In Acts 8, the church is being persecuted. Saul is putting Christians in prison. God’s people are scattering. Yet, God is still moving powerfully and using his people to spread the good news of Jesus to a new part of the world.
Philip is one of these individuals. He goes to Samaria where God does incredible things through him. He drives out evil spirits, heals people, and proclaims Jesus. And people were putting their faith in Jesus because of what God was doing through Philip.
The apostles heard about these amazing things God was doing. It says Peter and John come and pray for these people so they can receive the Holy Spirit. Now, we believe when a person chooses to follow Jesus, the Holy Spirit comes to live within that person right then and there. You might be wondering, “So, why did Peter and John have to pray for these people to receive the Holy Spirit?” But don’t get too caught up in this. Luke isn’t trying to give us an order for believing in Jesus, getting baptized, and receiving the Holy Spirit here. In fact in other parts of the Acts Luke flips this order like in Acts 10. But I like what Justo Gonzalez in his book “Acts: The Gospel of the Spirit” points out: the second part of Jesus’ prophecy that he made in Acts 1 where he said, “you will be my witnesses in Jerusalem, and in all Judea and Samaria, and to the ends of the earth” is now coming to fulfillment. That’s what we see unfolding here. God is moving powerfully and transforming lives including the life of this Ethiopian eunuch.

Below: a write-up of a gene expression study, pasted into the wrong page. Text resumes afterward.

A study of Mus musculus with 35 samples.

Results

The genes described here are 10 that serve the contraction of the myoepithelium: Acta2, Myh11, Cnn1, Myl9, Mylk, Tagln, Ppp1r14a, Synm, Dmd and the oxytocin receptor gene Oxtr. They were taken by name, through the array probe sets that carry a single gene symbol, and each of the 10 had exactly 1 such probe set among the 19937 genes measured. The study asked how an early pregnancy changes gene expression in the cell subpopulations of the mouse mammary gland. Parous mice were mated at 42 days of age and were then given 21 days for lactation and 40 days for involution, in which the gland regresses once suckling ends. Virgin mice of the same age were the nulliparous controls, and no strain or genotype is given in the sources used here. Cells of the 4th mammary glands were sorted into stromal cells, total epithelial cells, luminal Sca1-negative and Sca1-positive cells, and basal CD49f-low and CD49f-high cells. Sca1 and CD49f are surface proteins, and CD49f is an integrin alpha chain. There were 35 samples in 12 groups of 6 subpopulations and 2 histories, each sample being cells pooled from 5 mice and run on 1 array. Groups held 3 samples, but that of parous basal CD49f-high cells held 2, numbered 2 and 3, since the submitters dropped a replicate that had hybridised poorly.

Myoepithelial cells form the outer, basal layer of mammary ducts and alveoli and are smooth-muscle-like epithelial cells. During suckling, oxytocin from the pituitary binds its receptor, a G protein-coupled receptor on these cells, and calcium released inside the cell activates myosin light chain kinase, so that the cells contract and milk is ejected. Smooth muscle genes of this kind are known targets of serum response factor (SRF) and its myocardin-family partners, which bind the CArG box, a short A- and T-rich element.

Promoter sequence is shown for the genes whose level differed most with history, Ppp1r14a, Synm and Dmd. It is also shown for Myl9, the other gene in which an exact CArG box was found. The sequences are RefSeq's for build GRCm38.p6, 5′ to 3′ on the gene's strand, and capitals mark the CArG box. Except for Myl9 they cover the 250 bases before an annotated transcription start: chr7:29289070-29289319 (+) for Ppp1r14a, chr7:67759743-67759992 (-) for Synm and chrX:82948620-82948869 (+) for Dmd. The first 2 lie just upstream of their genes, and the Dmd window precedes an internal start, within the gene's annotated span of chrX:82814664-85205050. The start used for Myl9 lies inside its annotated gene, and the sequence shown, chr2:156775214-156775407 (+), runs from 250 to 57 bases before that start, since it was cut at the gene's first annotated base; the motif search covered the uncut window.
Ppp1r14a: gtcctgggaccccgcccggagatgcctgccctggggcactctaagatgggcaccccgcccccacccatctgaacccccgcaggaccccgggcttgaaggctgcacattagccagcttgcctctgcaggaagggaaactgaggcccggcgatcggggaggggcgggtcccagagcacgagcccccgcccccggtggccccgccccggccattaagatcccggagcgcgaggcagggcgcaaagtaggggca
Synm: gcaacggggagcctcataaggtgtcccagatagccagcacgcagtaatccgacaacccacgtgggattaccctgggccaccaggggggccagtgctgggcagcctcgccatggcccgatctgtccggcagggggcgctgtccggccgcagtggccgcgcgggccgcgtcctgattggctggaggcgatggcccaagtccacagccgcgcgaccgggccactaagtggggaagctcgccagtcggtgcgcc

At the end of ch. 8, an angel tells Philip, “Go down to this road.” So Philip goes. He then hears the Holy Spirit tells him, “Go over to that chariot.” So, he runs over to this chariot. There he hears this Ethiopian Eunuch, this high official in his chariot reading the prophet Isaiah. The official invites him into his chariot. The passage in Isaiah he’s reading just so happens to be a prophetic passage about the coming Messiah… Jesus. Philip explains the passage to him, tells him about the good news of Jesus, and baptizes him.
I love how dynamic this story is. There’s this spontaneity to it which I think reflects who God is. Philip is invited into this adventure with God that ultimately leads to a person coming to faith. How might this dynamic and powerful God be moving in your life today? What adventure is he inviting you to go on with him?